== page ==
Adra’s leg was injured while out shopping for food in Yarmouk camp last July when shooting erupted there. Like more than one million other Syrian war refugees, Adra and her family decided it was time to seek safety elsewhere and fled the Syria conflict. She was three months pregnant but that did not stop her or her husband and four children from fleeing across the border and into Lebanon’s Ein El Hilweh refugee camp.
Ein El Hilweh, built in 1966, is the largest Palestinian camp in Lebanon, with nearly 70,000 residents. Its living conditions are bleak, its services inadequate. And, it is one of the most dangerous camps in the country. Today, Ein El Hilweh is hosting the largest number of Palestinian refugees from Syria's conflict with over 7,000 newcomers.
Adra’s family used to own a house in Syria, but left all their belongings behind and arrived in Lebanon with just the clothes they were wearing. Families in Ein El Hilweh offered them a place in an open field inside the camp to pitch a tent. The family combined plastic sheets, blankets found in the garbage and concrete blocks to construct an improvised shelter. They are not alone. Dozens of other families have erected tents in the rubble-filled field, creating a makeshift camp within a camp for families from Syria.
Adra is anemic and says her health has deteriorated since her injury, provoking the premature delivery of her baby Leen, who weighed only two kilograms (less than 4.5lbs) when she was born a month early during the cold, damp winter.
Warm Clothes and Blankets Among Relief Supplies
Adra keeps her baby wrapped in the warm baby clothes and blankets delivered by ANERA. “She is still very weak,” explains her mother, looking at the sleeping baby with love and care. “I am breastfeeding her so she can grow strong.”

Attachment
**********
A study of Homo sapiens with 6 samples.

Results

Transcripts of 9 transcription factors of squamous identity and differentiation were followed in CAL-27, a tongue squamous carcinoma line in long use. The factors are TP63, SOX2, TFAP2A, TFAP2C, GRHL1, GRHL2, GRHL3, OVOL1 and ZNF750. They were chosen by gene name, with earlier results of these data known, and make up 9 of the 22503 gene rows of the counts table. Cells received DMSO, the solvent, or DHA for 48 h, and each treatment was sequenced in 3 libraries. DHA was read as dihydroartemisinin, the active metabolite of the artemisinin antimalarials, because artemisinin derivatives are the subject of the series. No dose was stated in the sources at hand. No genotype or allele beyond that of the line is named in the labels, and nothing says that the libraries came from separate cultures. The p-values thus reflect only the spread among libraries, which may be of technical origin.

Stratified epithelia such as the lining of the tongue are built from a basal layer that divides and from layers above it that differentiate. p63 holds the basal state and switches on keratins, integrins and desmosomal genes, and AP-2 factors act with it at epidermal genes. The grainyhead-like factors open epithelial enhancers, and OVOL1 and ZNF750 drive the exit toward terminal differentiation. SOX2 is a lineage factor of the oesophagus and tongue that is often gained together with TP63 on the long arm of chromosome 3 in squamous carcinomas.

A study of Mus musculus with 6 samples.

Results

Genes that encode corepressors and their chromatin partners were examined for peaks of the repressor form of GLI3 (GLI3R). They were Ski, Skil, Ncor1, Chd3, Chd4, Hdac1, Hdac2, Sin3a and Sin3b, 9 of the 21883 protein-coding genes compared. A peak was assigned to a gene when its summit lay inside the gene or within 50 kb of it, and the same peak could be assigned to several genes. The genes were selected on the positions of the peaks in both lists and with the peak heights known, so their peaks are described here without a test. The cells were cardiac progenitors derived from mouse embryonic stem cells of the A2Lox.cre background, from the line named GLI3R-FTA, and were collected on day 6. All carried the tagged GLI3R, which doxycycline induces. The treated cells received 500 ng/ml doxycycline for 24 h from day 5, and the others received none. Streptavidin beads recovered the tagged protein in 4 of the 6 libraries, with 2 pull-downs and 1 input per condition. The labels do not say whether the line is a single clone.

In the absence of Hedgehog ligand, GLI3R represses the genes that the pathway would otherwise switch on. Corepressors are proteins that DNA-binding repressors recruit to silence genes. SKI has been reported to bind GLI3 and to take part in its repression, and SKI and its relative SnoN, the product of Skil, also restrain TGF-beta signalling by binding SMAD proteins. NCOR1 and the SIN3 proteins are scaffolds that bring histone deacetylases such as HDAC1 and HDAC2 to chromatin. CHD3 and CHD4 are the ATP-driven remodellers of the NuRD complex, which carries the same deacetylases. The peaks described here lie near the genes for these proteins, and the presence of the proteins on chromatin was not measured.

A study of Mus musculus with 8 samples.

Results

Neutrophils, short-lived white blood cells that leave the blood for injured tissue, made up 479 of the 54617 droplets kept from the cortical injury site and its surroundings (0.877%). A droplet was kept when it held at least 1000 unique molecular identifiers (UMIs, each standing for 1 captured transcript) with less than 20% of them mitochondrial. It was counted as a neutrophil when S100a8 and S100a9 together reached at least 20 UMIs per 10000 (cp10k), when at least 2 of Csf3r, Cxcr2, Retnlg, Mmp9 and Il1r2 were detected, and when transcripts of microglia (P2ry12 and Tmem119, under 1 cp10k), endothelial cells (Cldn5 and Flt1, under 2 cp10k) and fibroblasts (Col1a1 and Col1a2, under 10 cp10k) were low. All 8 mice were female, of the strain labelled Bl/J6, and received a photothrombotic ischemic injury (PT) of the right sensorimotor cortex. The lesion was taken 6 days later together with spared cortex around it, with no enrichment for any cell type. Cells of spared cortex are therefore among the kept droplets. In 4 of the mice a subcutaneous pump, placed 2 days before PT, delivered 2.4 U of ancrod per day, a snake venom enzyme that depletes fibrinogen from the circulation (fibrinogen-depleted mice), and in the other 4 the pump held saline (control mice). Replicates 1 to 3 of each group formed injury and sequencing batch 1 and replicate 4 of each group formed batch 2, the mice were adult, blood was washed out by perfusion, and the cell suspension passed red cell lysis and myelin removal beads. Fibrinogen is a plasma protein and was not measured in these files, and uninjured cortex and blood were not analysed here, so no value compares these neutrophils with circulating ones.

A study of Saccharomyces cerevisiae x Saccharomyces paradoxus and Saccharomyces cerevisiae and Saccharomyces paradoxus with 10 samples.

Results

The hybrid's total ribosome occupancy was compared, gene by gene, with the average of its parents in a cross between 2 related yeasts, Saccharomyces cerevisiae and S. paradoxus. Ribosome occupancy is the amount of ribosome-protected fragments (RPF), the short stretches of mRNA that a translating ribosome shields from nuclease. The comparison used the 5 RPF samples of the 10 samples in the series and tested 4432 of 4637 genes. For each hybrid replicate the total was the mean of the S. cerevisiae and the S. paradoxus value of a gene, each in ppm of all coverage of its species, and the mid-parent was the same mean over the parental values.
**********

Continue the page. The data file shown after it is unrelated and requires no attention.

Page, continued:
ANERA partnered with the community-based organization Najdeh Association to provide relief kits to Adra and 2,300 Palestinian families from Syria in Ein El Hilweh and nearby gatherings. Each kit included winter blankets, quilts, heaters, rechargeable emergency flashlights, hygiene items and warm clothes for women and children to help them cope with the cold months of winter. The relief supplies were composed of items purchased thanks to a grant from the United Nations Office for the Coordination of Humanitarian Affairs (UNOCHA) as well as in-kind donations of quilts, baby care kits, personal care kits and toothpaste donated by Lutheran World Relief and shipped with the support of Middle East Children’s Alliance (MECA).
Adra says the flashlights are proving a useful tool since there is little daylight in the tents and electricity in the camp is often cut for hours. “We used to have to buy candles for about $1 a day,” explains Adra. “Now we can recharge the flashlight when the power is on and it lasts for more than 12 hours.”
Like almost every Palestinian refugee from Syria, Adra and her husband cannot find work in Lebanon so the family survives on meager savings and humanitarian aid. The assistance, she says, is helping them focus on other basic needs, like food and health care.
Adra confesses that even in Lebanon she fears for her family’s safety. The spillover of Syria’s factional conflicts, she says, is making the camp violent and unstable. “There is no security in Ein El Hilweh,” she says. “At night, I sleep with my clothes on so I’m ready to run at any moment.”
As the Syrian conflict enters a fourth year, refugees in Lebanon still cling to the hope of a better future. Adra’s shelter is filled with laughing children and friendly neighbors who stop by to offer support.
A friend smiles sadly, “We Palestinians know how to build a lot out of nothing.”